Algeria: A few facts and figures

04 November 2015
Algeria: A few facts and figures
An ICRC delegate with a detainee in an Algerian prison. CC BY-NC-ND / CICR / L. Neaimeh


1955: The ICRC begins working in Algeria. It focuses its efforts on prisoners and displaced people.

40,000 Algerian refugees are helped by the ICRC and National Red Crescent Societies
Hundreds of thousands of Algerian detainees are visited in the course of 490 prison visits in Algeria and 96 in France

The ICRC's history in Algeria dates back to the mid 1950s and the country's war of independence. At that time, the ICRC's humanitarian work involved visiting and facilitating the release of prisoners of war on both sides.

Un délégué CICR avec un détenu algérien pendant la guerre d'Algérie.

An ICRC delegate with an Algerian detainee during the Algerian War. CC BY-NC-ND / CICR / v-p-dz-n-00015-07

During this period, the ICRC also came to aid of people who had been displaced within Algeria or sought refuge in Morocco and Tunisia. The organization worked with the Red Crescent Societies of those countries to provide 40,000 refugees with food, medical care, clothing and blankets.


Detainee welfare

14,190 detainees visited by the ICRC in 29 detention facilities

The ICRC has been visiting people held in various Algerian detention facilities since 1999. Since 2002, this has extended to include people being held in police and gendarmerie custody. The purpose of these visits is to ensure that the detainees are being treated humanely and, in collaboration with the authorities, to prevent abuse and improve conditions of detention.

Between January and September 2015, 14 190 detainees were visited by the ICRC in 29 detention facilities.

Family links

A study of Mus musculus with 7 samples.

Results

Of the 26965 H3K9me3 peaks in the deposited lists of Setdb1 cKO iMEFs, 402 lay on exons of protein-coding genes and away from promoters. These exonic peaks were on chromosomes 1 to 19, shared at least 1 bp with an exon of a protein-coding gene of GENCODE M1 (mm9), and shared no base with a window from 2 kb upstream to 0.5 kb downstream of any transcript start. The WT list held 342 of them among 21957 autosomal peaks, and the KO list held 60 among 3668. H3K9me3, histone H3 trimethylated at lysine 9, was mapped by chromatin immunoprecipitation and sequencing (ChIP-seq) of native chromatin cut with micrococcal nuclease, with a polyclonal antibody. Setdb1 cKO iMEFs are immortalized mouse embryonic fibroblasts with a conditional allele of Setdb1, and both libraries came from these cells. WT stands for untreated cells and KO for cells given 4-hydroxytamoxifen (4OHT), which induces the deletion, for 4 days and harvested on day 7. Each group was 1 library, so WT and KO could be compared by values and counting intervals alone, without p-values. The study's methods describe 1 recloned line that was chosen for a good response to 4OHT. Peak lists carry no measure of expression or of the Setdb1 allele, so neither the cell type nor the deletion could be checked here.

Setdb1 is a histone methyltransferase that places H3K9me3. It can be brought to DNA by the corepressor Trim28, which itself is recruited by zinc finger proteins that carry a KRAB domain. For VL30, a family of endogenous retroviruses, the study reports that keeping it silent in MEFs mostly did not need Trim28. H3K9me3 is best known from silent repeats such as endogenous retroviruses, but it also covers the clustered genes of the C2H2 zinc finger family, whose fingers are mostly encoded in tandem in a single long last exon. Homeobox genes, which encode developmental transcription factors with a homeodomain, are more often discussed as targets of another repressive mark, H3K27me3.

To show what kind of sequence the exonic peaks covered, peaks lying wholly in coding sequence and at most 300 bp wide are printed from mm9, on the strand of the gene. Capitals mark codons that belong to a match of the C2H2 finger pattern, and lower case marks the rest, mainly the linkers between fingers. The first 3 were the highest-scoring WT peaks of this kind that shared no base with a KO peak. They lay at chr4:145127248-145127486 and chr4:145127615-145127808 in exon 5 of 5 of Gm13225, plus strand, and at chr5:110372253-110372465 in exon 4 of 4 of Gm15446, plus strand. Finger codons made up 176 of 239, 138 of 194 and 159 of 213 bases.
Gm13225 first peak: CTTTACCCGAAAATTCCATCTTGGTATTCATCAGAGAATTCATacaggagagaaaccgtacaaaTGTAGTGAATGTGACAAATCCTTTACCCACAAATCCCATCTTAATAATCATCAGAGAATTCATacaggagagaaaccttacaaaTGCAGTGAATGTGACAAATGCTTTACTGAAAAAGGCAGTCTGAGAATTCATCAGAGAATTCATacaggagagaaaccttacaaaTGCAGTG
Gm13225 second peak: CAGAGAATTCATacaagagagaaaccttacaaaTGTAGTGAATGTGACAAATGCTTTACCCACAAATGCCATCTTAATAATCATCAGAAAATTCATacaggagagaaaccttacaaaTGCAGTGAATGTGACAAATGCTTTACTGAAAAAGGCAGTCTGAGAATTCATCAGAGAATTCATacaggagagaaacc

107 oral messages exchanged between detainees and their families

Too many people lose contact with their loved ones when they are separated by war, violence or other upheavals. Working closely with the Algerian Red Crescent, the ICRC endeavours to help such families get back in touch.

In 2015, around 20 people detained abroad were able to contact their loved ones in Algeria through letters (Red Cross messages), oral messages or Skype calls. The ICRC also passed on 107 messages containing family news from Algerian detainees to their loved ones.

Algerian Red Crescent

The presidents of 20 branches of the Algerian Red Crescent rallied behind the values of the International Red Cross and Red Crescent Movement

The ICRC works closely with the Algerian Red Crescent. This involves not only delivering family news, but also tracing people believed to be on Algerian soil whose relatives in other countries are looking for them.

The ICRC and the Algerian Red Crescent organize joint training sessions to improve their operations. In 2015, a workshop brought together ICRC staff, a representative of the Libyan Red Crescent and the presidents of 20 regional branches of the Algerian Red Crescent. They discussed the unique characteristics of the International Red Cross and Red Crescent Movement and shared their experiences and best practices.

International humanitarian law

45 judges, police officers and gendarmes trained in international law

One of the ICRC's tasks is to promote international humanitarian law and international human rights law. It supports the authorities' efforts to raise awareness of and implement these bodies of law.

In 2015, criminal investigators, gendarmes and judges participated in a study trip to Switzerland and France to meet their counterparts and discuss similarities and differences between the legal systems in the three countries.

In Algiers, meanwhile, a training course organized with the support of the Ministry of Justice and the Directorate General for National Security gave 22 police officers, gendarmes, Ministry of Defence officials and judges the chance to learn about the application of human rights to criminal investigation practices. Another course on international humanitarian law and human rights, organized jointly with the École supérieure de la magistrature (School of judicial studies), brought together 23 judges involved in overseeing the treatment of detainees and conditions of detention.